By Patrick Kagenda
Impact of international travel ban to Kenya on arrivals to Uganda being watched
Uganda’s tourism sector is keenly looking out for spill-over effects of security advisories against non-essential travel to regional flagship destination Kenya. Amos Wekesa, the Chairman of the Uganda Tour Operators Association, says Uganda has been benefiting from a stable Kenya because of Kenya`s strategic marketing of its tourism sector which marketing Uganda has not developed yet. It is not clear how Uganda will cope as Kenya’s tourism sector is shaken by terror attacks.
“Whatever happens in Kenya affects Uganda,” says Amos Wekesa,a board member of Uganda tourism Board, “in the eyes of the tourists; Africa is one big country like the U.S.”
Wekesa says Uganda has been an add-on destination to Kenya where tourists would visit Kenya for five-six days and spend another two-five days of their booking in Uganda. “Tour operators have been selling holistic itinerary safaris from Kenya through Uganda to Rwanda,” says Uganda Wildlife Authority (UWA) spokesperson, Jossy Muhangi, “We have been sharing visitations with Kenya because tourists want to see certain things in each country.”
Kenya, Uganda, and Rwanda have a single tourist visa facility to promote the East African region as a single destination. Uganda is visited mainly for the rare Mountain Gorilla, birding watching, and the game parks of Murchison, Mburo, Kidepo, Kibale, Queen Elizabeth, and Bwindi.
Muhangi told The Independent in an interview that there was apprehension over tourists cancelling bookings.
He says, with the international ban on their nationals to travel to Kenya, the single tourist Visa may not work to optimum as expected.
“The ban will most likely have an effect on our eco-tourism,” he says, “However, we are working with regional entities and encouraging local tourism to mitigate the unforeseen factors.”
So far there has been no noticeable development.
“Our peak period begins June to September and I can say we are doing very well because the tourists are coming in,” says Stephen Assimwe, the executive director of the Uganda Tourism Board.
He says based on discussion with tour operators, the number of arrivals so far is beyond what they expected. Amos Wekesa hinted at the same level of optimism.
“Kenyan investors in the tourism sector have started coming to Uganda looking for opportunity in the Ugandan hospitality industry because they believe Uganda is safer,” says Wekesa.
Agnes Akiror Egunyu, the minister of State for Tourism, Wildlife & Heritage, says it is still too early to tell what impact the ban on international travellers to Kenya will have on Uganda`s tourism sector.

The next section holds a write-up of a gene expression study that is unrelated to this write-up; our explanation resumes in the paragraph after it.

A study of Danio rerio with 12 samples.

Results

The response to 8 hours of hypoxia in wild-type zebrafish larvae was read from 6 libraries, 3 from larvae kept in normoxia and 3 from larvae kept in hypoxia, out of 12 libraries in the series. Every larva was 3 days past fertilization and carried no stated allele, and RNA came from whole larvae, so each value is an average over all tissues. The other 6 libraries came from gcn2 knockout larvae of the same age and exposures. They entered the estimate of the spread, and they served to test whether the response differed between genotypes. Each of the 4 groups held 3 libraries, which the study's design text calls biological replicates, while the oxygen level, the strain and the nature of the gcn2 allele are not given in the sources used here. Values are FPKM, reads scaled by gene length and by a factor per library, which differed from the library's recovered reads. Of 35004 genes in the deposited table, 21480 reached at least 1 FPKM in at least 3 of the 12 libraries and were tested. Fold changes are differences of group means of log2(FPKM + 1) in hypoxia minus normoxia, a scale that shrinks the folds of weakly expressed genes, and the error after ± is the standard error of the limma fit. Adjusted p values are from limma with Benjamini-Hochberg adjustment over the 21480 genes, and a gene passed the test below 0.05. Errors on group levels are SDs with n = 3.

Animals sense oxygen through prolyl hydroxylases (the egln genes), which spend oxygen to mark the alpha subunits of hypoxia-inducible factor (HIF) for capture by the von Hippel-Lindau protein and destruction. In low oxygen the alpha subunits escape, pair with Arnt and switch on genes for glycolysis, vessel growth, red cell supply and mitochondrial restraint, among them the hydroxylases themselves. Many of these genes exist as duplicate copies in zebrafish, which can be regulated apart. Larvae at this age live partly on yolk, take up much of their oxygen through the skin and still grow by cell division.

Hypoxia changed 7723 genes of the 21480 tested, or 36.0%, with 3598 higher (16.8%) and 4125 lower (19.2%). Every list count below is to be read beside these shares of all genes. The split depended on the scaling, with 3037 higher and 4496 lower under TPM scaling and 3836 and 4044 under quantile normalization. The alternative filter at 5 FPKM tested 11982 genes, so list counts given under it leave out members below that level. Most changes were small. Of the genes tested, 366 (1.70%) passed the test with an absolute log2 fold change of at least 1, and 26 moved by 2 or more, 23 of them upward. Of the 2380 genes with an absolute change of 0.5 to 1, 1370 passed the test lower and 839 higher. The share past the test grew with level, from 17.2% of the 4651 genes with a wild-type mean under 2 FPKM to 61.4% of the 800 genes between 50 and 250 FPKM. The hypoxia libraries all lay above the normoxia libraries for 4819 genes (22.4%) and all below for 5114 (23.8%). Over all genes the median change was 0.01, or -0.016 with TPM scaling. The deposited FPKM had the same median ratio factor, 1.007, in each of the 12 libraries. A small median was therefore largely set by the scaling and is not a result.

“We will wait and see,” she said in an interview.
She added, however, that Uganda takes the threats by Al-Shaabab seriously and has tightened security and was urging citizens to be vigilant.
“We re-assure the tourists that Uganda is very safe and they are all welcome,” she said.
International travel congress
The uncertainty in the tourism sector comes at a time when the Uganda tourism community is priming itself to host the 39th Congress of the Africa Travel Association (ATA). The international travel and tourism conference is takes place from Sept.11 to Nov.16 at the Speke Resort Munyonyo in Kampala. About 500 international delegates are expected to attend.
The ATA is the leading global trade association promoting travel and tourism to Africa and strengthening intra-Africa partnerships.
Its congress to Uganda at a time when East Africa`s biggest tourism destination, Kenya, is reeling under a spate of terror attacks blamed on al shabaab militants from neighbouring Somalia.
The worst recent attack was on September 21, 2013 when the terrorist seized the Westgate Shopping Centre in Nairobi and killed 67 people in a week-long ordeal. Since then smaller and sporadic attacks have been made. In the latest incident on May 17, 10 people were killed in twin-blasts in a Nairobi market. Many more were injured. At the time, the UK and U.S. government and other western powers had just issued advisories to their nationals to evacuate Kenya.
Kenya’s reputation as the land of `hakuna matata’ – Swahili for no problems – suffered another set-back on June 5 when Carey Eaton, the Australian-born internet entrepreneur and founder of One Africa Media, the largest online classifieds company in Africa, was murdered in an armed robbery attack in Nairobi.
Uganda, which together with Kenya has deployed troops to Somalia under the African Union flag, is also a target. On July 11, 2010, suspected al-shabaab terrorists struck two spots in Kampala killing about 100 people.
Since the attacks, the Uganda tourism sector which had been experiencing robust growth appears to have stagnated.
According to information at the Association of Uganda Tour Operators, in 2012 about 1.2 million tourists visited Uganda compared to 1.1 million the previous year. The figures represented a huge leap from 2010 when only 946,000 visited the country. A decade ago, in 2009, only 193,000 tourists visited country. About 1.2 million tourists visited in 2013, according to the UN World Tourism Organisation figures.
Kenya, meanwhile, has seen a decline in international arrivals since the attacks intensified.
Tourism is increasing becoming a major contributor to the Ugandan economy. It brought US$834 million into the economy in 2012 compared to US$805 million in 2011. Tourism’s total contribution to GDP which incorporates indirect and induced imports stood at US$1.7 billion in 2011 which was equivalent to 9% of total Ugandan GDP. The corresponding figures for Rwanda, Tanzania and Kenya are: 8.4%, 13.3% and 13.7% respectively.